Over four billion people were using social media in 2021, and that number only looks set to grow. We use it to keep up with friends and family, to follow the lives of our favourite celebrities, and to promote our businesses and make professional connections. Yes, there are so many ways to use social media, but with this comes some dangers.
Here, we explore three potential dangers of social media and how you can avoid them.
1. Increased anxiety
One of the most common dangers associated with social media is how it can cause worsening mental health in those who are frequently online. While this may be largely associated with younger people, anyone can be impacted by depression and anxiety, which may be worsened by social media.
Our online worlds are only getting bigger, with the ability to view the lives of those we know as well as those who are half a world away. Because most people use social media as a “highlight reel”, it is easy to feel disheartened if you’re not achieving or doing the same incredible things as your peers. This can lead to people feeling lonely, left out and not good enough, which is why responsible social media usage, and curating those you follow online, is extremely important.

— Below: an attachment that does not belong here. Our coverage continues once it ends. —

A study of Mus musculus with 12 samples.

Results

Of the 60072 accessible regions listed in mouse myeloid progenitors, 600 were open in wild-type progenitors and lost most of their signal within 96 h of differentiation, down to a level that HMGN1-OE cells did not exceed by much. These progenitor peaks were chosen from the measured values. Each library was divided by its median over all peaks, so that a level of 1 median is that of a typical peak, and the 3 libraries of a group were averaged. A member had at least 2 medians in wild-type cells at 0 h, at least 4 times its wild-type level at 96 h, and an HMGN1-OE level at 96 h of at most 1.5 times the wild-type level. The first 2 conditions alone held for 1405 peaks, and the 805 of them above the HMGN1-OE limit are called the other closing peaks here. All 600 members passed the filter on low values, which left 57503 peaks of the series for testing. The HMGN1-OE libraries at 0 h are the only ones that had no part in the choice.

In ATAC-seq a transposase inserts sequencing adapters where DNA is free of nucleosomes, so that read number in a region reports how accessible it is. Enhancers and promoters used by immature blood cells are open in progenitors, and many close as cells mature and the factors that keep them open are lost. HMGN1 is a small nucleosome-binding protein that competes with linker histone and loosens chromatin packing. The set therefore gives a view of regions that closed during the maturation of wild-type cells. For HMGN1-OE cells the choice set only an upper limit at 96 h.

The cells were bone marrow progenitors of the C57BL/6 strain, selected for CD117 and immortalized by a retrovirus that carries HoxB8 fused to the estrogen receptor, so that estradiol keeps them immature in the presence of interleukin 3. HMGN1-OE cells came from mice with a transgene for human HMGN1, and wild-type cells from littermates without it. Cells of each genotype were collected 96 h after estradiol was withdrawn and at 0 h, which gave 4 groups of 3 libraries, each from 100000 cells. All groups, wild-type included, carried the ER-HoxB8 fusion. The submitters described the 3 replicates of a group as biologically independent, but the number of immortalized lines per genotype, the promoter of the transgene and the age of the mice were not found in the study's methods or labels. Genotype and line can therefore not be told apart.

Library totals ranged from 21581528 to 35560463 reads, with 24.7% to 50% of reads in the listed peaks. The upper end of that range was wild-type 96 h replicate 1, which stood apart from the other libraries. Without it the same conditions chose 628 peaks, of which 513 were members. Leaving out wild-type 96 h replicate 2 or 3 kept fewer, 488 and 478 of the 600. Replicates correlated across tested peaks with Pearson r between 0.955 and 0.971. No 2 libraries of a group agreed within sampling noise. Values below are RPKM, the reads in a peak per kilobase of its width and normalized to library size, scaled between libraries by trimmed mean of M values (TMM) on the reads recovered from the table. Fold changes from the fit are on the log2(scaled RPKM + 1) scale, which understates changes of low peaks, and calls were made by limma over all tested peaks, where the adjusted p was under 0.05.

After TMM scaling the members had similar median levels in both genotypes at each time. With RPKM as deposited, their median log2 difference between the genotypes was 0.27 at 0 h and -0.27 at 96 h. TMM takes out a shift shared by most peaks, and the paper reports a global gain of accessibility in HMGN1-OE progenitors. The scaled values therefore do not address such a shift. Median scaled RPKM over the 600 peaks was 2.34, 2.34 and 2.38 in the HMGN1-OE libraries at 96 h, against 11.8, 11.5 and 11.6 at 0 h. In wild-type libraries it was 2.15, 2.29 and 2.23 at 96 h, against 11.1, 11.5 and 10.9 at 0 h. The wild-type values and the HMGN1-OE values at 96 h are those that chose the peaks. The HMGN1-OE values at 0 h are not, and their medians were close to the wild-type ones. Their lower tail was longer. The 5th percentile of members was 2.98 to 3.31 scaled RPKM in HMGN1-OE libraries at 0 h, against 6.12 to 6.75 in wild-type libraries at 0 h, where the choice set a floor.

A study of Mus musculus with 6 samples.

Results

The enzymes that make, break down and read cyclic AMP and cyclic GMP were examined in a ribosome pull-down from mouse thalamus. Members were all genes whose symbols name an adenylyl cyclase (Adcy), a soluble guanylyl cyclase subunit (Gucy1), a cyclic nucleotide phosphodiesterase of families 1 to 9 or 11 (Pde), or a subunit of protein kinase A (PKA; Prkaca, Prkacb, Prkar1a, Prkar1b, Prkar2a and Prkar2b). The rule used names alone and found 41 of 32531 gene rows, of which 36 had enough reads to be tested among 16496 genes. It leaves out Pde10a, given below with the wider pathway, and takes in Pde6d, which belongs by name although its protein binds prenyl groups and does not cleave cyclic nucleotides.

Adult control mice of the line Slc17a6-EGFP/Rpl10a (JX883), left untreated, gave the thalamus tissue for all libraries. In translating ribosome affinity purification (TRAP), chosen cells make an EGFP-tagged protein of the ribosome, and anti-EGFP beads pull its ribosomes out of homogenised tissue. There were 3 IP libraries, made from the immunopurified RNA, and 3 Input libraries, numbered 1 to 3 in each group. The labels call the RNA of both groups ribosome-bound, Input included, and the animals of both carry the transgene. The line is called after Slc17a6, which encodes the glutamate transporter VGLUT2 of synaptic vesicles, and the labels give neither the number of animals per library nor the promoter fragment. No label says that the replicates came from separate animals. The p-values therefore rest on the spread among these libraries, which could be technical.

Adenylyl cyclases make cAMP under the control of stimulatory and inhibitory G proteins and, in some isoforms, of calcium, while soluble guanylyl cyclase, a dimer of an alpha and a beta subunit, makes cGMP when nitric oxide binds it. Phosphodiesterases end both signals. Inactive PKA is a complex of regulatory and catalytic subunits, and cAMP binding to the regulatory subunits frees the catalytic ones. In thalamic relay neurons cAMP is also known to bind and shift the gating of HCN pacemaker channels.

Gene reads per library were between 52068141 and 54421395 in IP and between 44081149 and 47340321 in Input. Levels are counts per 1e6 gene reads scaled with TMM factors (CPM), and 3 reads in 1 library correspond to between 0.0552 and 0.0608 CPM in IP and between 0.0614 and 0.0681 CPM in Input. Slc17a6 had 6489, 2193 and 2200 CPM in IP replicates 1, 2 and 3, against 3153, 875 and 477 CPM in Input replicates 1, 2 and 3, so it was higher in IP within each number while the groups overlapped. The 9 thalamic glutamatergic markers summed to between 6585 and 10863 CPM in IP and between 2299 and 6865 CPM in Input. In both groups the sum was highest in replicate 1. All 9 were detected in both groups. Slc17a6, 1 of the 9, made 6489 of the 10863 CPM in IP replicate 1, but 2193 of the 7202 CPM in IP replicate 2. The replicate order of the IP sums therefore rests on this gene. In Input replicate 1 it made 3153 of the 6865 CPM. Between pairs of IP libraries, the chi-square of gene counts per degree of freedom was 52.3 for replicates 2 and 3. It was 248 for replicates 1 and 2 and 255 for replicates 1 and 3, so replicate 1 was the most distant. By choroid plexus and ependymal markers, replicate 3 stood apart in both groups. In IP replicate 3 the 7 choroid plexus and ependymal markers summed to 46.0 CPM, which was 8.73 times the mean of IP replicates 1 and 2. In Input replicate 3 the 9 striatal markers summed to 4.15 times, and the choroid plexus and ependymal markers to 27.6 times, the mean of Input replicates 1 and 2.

Online shopping is a common way many people purchase food, clothes, and just about anything else you can think of. This can be perfectly safe when you are only buying what you need, but social media can encourage less responsible spending. Not only do companies use social media accounts to flood potential customers with advertising and discounts they may not otherwise see, but the rise of influencers has made this even more insidious.
Seeing a trusted face promoting products can lead users to buy items they may not usually be interested in. Carefully investigating each product you purchase, even if it has been suggested by an influencer you consider trustworthy, is essential so that you do not fall into the overspending trap, and only buy high-quality goods that you truly want and need.
3. Identity theft
You may believe that the possibility of identity theft is on the extreme end of the spectrum, but falling victim to cons on social media is on the rise. It is surprisingly easy for scammers to copy online profiles and imitate a social media user to those they know – they may even try to solicit financial information under an assumed identity, or distribute links which can spread malware.
In other cases, scammers may use your posts to piece together enough information to imitate you while applying for credit cards and more under your identity. Keeping your accounts secure with a variety of passwords, avoiding tagging your location, knowing all your online ‘friends’ and keeping your information private on social media can reduce the odds of this happening to you.
It is impossible to avoid the prevalence of the internet and social media, and many of us do not even want to avoid it. Social media can be extremely beneficial to your life, both personally and professionally – and even socially. However, it is vital to stay vigilant about the dangers of social media in order to enjoy it in a safe and non-damaging way.